Bean family (Fabaceae)
Description: This perennial wildflower is 2-4' tall. It branches frequently into multiple major stems at the base, which divide into much smaller side stems. These stems are held stiff and straight at about a 45° angle from the ground or from each other. The entire plant has a shrub-like appearance that is vase-shaped at the base. It is herbaceous, notwithstanding appearances to the contrary, as all the stems die down to the ground each winter. Each stem is light green, round but strongly ridged, and covered with lines of appressed or slightly spreading white hairs. The lower stems become brown and woody with maturity, and they lose most of their hairs. The alternate compound leaves are trifoliate with short petioles. The leaflets are up to ¾" long and ¼" across. They are oblong or oblanceolate, and have smooth margins. The upper surface of each leaflet is dull green and hairless, while the lower surface is covered with silky appressed hairs. The blade of each leaflet often angles upward along the central vein, and it often has a fine point at its tip.
From 1-4 flowers develop from the axils of the compound leaves on short stalks. Each flower is about 1/3" (8 mm.) long, and has a typical pea-like structure consisting of a broad standard and narrow keel. The petals are white or cream, usually with a patch of purple at the base of the standard. The pubescent calyx has 5 long teeth that often turn purplish green. The blooming period usually occurs during early fall and lasts about a month. There is no noticeable floral scent. Each flower can produce a short pubescent seedpod containing a single seed. The root system consists of a stout taproot. This wildflower spreads by reseeding itself and can form large colonies.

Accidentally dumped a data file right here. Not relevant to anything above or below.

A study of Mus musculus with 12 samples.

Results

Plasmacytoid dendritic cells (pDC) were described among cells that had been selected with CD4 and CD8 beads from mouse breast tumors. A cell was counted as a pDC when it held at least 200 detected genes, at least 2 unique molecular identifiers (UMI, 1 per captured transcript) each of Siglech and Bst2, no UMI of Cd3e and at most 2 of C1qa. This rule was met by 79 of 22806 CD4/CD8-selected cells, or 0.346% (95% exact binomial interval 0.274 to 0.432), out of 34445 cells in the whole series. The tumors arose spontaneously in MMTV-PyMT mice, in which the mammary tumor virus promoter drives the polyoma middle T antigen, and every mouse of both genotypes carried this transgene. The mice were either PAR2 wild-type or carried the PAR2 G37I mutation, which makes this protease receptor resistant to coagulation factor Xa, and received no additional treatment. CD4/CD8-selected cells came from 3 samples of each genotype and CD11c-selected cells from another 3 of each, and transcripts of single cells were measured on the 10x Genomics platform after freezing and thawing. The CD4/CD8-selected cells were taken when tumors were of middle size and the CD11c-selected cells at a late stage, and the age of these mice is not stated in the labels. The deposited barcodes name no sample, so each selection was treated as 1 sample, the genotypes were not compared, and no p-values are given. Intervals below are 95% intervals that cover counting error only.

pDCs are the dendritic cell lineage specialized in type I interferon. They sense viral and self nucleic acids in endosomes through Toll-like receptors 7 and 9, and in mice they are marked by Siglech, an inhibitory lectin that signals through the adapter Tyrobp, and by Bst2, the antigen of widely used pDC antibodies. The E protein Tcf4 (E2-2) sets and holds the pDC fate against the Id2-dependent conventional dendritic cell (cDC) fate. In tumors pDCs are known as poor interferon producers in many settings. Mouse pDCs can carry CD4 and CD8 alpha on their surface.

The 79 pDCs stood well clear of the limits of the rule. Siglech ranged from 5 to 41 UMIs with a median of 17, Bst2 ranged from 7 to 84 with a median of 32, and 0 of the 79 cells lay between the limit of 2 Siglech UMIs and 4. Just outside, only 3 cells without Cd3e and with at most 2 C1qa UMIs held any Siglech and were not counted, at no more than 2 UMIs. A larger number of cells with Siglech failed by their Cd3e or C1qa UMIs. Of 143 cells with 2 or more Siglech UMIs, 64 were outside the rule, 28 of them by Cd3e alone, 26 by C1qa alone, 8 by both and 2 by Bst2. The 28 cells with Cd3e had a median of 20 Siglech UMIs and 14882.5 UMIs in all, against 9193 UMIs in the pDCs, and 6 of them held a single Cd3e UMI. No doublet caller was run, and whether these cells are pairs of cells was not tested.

Cultivation: This plant is usually found in full sunlight at sites that are mesic to dry. It grows quite well in a slightly heavy clay-loam soil, and it is not bothered much by foliar disease. Mature plants are quite drought tolerant.
Range & Habitat: The non-native Silky Bush Clover occurs occasionally in the southern half of Illinois, but it is rare or absent elsewhere within the state (see Distribution Map). However, this plant may be spreading steadily northward. It was introduced into the United States from east Asia. Habitats include fields, where it is occasionally planted as a source of forage and hay, and roadside banks, where it has been planted for erosion control. Other habitats include openings in upland woodlands, thickets, and prairie restorations. This species can invade many natural habitats and form dense colonies of plants. It is sometimes introduced into prairie restorations accidentally, probably as a contaminant of seed, and should be removed. The invasive potential of this species is quite high.
Faunal Associations: The flowers attract bumblebees and other long-tongued bees. The dagger bee, Calliopsis andreniformis, is a common visitor of the flowers of Lespedeza spp. The caterpillars of the skippers Thorybes pylades (Northern Cloudywing) and Thorybes bathyllus (Southern Cloudywing) feed on foliage of Lespedeza spp., as do the caterpillars of the moths Automeris io (Io Moth) and Utetheisa bella (Bella Moth). The seeds are eaten by some upland gamebirds, including the Bobwhite Quail and Wild Turkey, while the palatable foliage is eaten by White-tailed Deer and livestock.
Photographic Location: An upland area of a restored prairie at Meadowbrook Park in Urbana, Illinois, where this species was accidentally introduced.
Comments: Silky Bush Clover has a distinctive shrubby appearance with a V-shaped base. From a distance, the narrow leaflets resemble needles on the stems of an evergreen species. Its flowers are very similar in appearance to those of Lespedeza capitata (Round-Headed Bush Clover), but the latter species branches much less and its leaflets are longer and broader in size. Another common name for Lespedeza cuneata is Chinese Bush Clover.